As It Happens

Agnès Varda's art will 'live forever,' says friend and collaborator

Agnès Varda was busy with her art until the very end, says her friend and collaborator Julia Fabry.

Julia Fabry remembers the beloved French filmmaker and artist, who died Thursday at the age of 90

Agnes Varda reacts after being awarded with an honorary Palme d'Or during the closing ceremony of the 68th Cannes Film Festival in Cannes in 2015. (Regis Duvignau/Reuters)


Varda, the French New Wave pioneer who inspired generations of filmmakers, died in her home Thursday of cancer. She was 90.

Artist Julia Fabry was with Varda the day before she died, preparing for an installation in central France. The next day, she was at Varda's home, mourning alongside her friends, family and fans.

Here is part of her conversation with As It Happens guest host Megan Williams. 

You're at her home now, I understand. What's the mood like there now?

Very, very sweet mood, very peaceful mood, and yeah, very warm too because we've got all the family here and people working together.

Are people dropping by?

Yeah, the family and also many friends from Paris and all over the world.

People also in the street are here, because Agnes has been working on Rue Daguerre since '54. She created the Ciné Tamaris production here in '54. And everybody knows in Paris that she was living here.

The door was always open for everybody, so many people are coming in the street to give some words and some messages and some flowers outside.

Varda poses next to her installation named La Serre du Bonheur, presented as part of her exhibition at the Chaumont-sur-Loire castle on March 23. (Guillaume Souvant/AFP/Getty Images)

Can you tell me some of the things that they're saying?

Thank you, most the time.

We came outside to give some some glasses of water or wine and to share some things with the people in the street just as Agnes [would] have done, because she was always trying to share with people. It was cinema, it could be a work of art, it could be emotions or just to have a little talk. So we we tried to do the same.

You worked with her for a number of years. In fact, you were working with her just yesterday. Is that right?

She was working all the time, day and night, and she had such a strong energy that she wanted to go further all the time.

So tonight we have a huge opening at the Chaumont-sur-Loire, which is a place very near by the river, the Loire, in France ... and we had three pieces there. And in those two of three pieces, we had two brand new. So we did two installations for the place, and she was trying to find a way to give some more words about both installations.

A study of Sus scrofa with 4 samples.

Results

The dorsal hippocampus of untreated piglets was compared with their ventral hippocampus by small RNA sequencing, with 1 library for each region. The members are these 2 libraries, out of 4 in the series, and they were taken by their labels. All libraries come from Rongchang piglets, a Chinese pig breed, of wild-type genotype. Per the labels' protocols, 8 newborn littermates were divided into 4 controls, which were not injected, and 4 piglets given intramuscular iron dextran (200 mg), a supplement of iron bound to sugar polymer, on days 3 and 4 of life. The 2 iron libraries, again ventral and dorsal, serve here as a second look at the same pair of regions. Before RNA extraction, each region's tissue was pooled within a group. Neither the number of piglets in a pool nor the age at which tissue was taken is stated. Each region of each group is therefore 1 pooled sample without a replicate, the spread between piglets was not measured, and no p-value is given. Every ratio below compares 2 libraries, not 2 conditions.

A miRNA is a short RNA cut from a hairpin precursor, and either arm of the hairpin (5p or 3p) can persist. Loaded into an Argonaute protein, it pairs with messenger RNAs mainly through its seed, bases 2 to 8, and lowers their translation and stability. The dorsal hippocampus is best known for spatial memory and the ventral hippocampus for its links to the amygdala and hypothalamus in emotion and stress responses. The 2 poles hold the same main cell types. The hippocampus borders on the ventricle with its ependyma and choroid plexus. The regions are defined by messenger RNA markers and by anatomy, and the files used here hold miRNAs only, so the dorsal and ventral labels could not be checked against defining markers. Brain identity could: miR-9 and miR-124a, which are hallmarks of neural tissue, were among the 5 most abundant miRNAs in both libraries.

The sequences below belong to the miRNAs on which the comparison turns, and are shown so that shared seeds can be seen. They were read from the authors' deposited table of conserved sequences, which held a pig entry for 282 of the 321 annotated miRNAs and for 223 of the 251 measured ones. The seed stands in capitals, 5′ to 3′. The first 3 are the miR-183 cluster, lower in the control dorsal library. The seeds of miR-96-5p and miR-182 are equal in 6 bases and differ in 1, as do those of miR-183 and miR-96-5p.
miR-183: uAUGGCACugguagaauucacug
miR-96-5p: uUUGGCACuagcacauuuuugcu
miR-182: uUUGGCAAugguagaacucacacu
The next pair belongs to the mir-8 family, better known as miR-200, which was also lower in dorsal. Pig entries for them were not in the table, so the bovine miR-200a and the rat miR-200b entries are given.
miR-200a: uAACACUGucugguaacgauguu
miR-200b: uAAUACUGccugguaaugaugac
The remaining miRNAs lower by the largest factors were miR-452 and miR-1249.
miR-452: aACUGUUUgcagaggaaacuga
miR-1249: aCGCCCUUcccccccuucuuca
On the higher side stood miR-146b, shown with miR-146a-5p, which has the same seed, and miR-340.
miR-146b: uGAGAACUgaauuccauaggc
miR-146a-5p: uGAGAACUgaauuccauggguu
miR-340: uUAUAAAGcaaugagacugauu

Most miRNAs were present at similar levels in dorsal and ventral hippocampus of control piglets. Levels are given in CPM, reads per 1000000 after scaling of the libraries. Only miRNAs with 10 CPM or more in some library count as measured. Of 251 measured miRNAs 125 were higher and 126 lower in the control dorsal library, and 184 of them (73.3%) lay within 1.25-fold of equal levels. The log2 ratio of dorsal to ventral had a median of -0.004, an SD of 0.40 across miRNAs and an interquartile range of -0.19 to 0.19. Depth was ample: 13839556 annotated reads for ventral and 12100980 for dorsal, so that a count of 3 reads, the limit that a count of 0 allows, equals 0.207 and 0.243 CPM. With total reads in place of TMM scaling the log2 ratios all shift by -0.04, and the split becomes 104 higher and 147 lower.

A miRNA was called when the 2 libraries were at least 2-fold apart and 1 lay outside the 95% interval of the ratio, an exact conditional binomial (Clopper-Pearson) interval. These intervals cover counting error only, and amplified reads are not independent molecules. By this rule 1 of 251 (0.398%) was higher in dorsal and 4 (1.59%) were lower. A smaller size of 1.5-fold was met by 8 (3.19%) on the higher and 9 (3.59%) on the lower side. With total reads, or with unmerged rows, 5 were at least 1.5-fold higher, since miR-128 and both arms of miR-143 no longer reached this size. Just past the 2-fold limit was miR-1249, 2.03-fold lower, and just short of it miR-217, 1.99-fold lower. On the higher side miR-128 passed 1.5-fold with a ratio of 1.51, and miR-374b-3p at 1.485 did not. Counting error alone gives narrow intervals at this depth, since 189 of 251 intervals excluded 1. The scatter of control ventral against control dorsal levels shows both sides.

We were speaking about that and she was aware that she was really tired, because she was fighting cancer for months now, but trying to be there all the time.

In this Nov. 11, 2017photo, Varda, left, accepts her honorary Oscar as presenter Angelina Jolie applauds at the 2017 Governors Awards in Los Angeles. (Chris Pizzello/Invision/The Associated Press)

So an artist to the very, very end. For those who aren't familiar with Agnes' work, how would you describe her art?

She was kind of a visionary. I don't know if this is the right word, but she had this vision in life.

She was in Cuba during the revolution and she did a portrait of Fidel Castro with two huge wings, but stone wings. She was with the Black Panthers also at that time in Los Angeles in the '60s. 

She began to work with a small camera to do a documentary named The Gleaners and I. It was the beginning of the, you know, small cameras and she took one. She decided to go alone to do this documentary.

She was so curious that she could always be, you know, at the beginning of everything.

She was the oldest ever Oscar nominee for her documentary last year Faces Places and she was awarded an honorary Palme d'Or in 2015, the first woman to receive one. How did she react to these accolades late in life?

I think it was not so important for her. I mean she was very, very happy for that. I'm not going to say that it was not a pleasure for her.

But at the same time, she always used to say that she wanted to have some more money to create and to go to the films. And it was very it was difficult for her to earn some money because it was a very special cinema. It was a cinema not involved in money.

So those prizes were very important for her, and at the same time, she was more touched by the people seeing her work, her films. Sharing in the movie theater the moment with many, many people was much more important for her, I think, than being honoured and being in lights.



How do you think her work and spirit will live on?

It think it will live on because it has been half of a century of work in art in many directions. I mean, it was photography first, then it was cinema and now it's installations since more than 15 years.

She was involved in many, many ways in creation, and I think it's very important for many people. In the world of art and cinema, it's really something. So it's going to live forever.

Written by Sheena Goodyear. Prodcued by Sarah-Joyce Battersby. Q&A has been edited for length and clarity.